Scouting The Trade Market: Francisco LirianoBy
While speaking to reporters at a charity function yesterday, Brian Cashman said it was too early to know if the best pitching options were available via free agency or trade this offseason. “I haven’t talked to every team and I haven’t talked to every agent yet,” he said. “And I certainly haven’t had any agent tell me what they want financially.” Cashman has put preliminary calls in to the representatives for C.J. Wilson, Roy Oswalt, Mark Buehrle, and Edwin Jackson, but nothing more than that. The trade market, as I wrote last week, can offer more cost effective alternatives.
After a disastrous 63-99 season, the Twins somewhat surprisingly fired GM Bill Smith earlier this week (surprising because it didn’t happen sooner), replacing him with long-time GM Terry Ryan. During his re-introductory press conference, Ryan said the team’s payroll will drop about $15M next season, which could mean that some of his players might be available in trades. One of the guys that could potentially be on the block is a name we’ve discussed quite a bit here in the past, left-hander Francisco Liriano. He’s always kinda been the black sheep in the Twins rotation, not conforming to their “let the hitter put the ball in play and get quick outs” pitching philosophy. Whether or not that makes him any more available, we don’t know. Let’s look at his qualifications…
- When right, the 28-year-old Liriano is a dominant strikeout and ground ball pitcher. He burst onto the scene with a 10.71 K/9 and 55.3% ground ball rate in 2006, then put together a Cy Young caliber season with 9.44 K/9 and 53.6% grounders in 2010. His walk and homerun rates those two years were 2.38 BB/9 with 0.67 HR/9, and 2.72 BB/9 with 0.42 HR/9, respectively. Batters have swung and missed on 12.7% of the swings they’ve taken against Liriano in his career, a ridiculous rate. Utter domination.
- A true three-pitch guy, Liriano throws his mid-80’s slider and changeup regularly (~20% of the time) in addition to his low-90’s fastball, which he can sink a bit. He destroys left-handed batters, holding them to a .277 wOBA with a 3.12 K/BB ratio with 61% ground ball rate for his career. Only one lefty (former Yankee Juan Miranda) has taken him deep since August of 2009.
- MLBTR projects a $5.7M salary for Liriano next season, his final trip through arbitration before becoming a free agent next offseason. It’s a reasonable salary and a short-term commitment.
- Pardon me while I get my Tim McCarver on, but as good as Liriano was in 2010, that’s how as bad as he was in 2011. Yes, he did throw a no-hitter against the White Sox, but he only made it to the mound for 134.1 IP and posted career worsts in K/9 (7.50), BB/9 (5.02), and xFIP (4.52). It was the second time in three years he pitched to a 4.00+ BB/9, 5.00+ ERA, and 4.50+ FIP.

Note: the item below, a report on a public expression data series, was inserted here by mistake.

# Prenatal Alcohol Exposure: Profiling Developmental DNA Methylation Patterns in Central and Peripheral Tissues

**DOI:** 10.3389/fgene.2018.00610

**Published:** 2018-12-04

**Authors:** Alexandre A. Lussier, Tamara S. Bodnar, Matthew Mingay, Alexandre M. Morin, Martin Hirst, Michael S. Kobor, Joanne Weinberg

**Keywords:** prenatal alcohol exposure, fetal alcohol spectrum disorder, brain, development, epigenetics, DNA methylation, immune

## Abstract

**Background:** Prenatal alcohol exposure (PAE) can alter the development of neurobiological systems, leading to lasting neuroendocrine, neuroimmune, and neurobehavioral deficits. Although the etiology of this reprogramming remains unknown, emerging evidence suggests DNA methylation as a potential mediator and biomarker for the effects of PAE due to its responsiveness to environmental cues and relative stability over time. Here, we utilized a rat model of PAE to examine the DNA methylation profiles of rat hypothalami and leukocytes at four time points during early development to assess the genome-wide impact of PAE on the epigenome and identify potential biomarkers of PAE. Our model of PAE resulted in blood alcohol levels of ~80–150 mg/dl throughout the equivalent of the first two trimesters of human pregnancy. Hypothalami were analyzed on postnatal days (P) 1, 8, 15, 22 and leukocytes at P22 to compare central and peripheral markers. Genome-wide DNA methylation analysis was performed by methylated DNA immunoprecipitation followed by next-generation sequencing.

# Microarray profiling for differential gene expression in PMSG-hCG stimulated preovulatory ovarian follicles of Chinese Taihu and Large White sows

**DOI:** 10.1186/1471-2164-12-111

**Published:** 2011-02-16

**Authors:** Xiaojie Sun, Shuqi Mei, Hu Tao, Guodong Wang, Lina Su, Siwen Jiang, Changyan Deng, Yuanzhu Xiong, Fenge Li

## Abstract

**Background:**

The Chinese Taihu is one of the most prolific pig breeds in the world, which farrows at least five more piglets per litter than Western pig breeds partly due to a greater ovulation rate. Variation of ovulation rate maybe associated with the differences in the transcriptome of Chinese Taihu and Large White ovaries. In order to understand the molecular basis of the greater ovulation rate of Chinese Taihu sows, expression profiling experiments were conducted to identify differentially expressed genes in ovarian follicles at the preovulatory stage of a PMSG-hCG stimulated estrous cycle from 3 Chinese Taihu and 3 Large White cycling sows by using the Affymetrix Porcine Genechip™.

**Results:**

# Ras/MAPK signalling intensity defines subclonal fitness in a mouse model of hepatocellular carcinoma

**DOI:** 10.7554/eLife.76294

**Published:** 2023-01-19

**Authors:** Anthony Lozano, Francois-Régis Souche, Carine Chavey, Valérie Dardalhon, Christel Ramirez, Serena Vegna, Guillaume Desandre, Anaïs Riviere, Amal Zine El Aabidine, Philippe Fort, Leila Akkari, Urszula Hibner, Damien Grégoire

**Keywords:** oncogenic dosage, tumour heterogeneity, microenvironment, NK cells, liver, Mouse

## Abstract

- Liriano has a lengthy injury history, with Tommy John surgery in late-2006 being just being the tip of the iceberg. He missed significant time in the minors with shoulder trouble, which is why he was thrown into the ill-fated Joe Nathan-A.J. Pierzynski swap. Forearm swelling and arm fatigue (requiring a cortisone shot) cost him three weeks in 2009, and more shoulder problems (soreness, inflammation, and then a strain) shelved him for a total of seven weeks in 2011. All arm problems. Yuck.
- Because of all the injuries, Liriano has never thrown 200 IP in a single season. In fairness, he did top 190 IP in both 2008 and 2010 when you tally up the majors and minors. More than one out of every four pitches he’s thrown over the last three seasons has been a slider, and those are generally believed to wreak havoc on a pitcher’s arm when used so heavily.
- To make matters worse, Liriano told Twins pitching coach Rick Anderson that he did not do his prescribed shoulder strengthening exercises last winter. It’s not the first time the team has had a problem with the lefty’s work ethic and conditioning, and that’s part of the reason why they never got serious about signing him to a long-term contract.
The Yankees have been connected to Liriano quite a bit over the last year or so, and they reportedly “dangled” the duo of Ivan Nova and Ramiro Pena for the lefty last winter. That would be an overpay now, simply because Nova had a strong rookie season and is under team control for five more years while Liriano had a poor and injury-filled season and is only under contract for one more year. I’m certain Minnesota would be interested in a Nova for Liriano swap, but it doesn’t make sense for the Yankees at this point. They should be looking to add to the rotation around Nova, not replace him.
The healthy version of Liriano is as good as it gets, a homer-suppressing left-hander with swing-and-miss stuff, but you don’t know what guy you’re going to get from year to year or even from start to start. That arm has been through quite a bit despite his relatively young age, and there’s a legitimate chance that any team that trades for him will get zero return. The talent is tantalizing though, and theoretically the price should be dropping given his poor season and one year of team control. There’s a lot of risk involved here but I think the Yankees should at least inquire, just in case the Twins are open to moving him for pennies on the dollar given his poor health and their impending payroll cuts.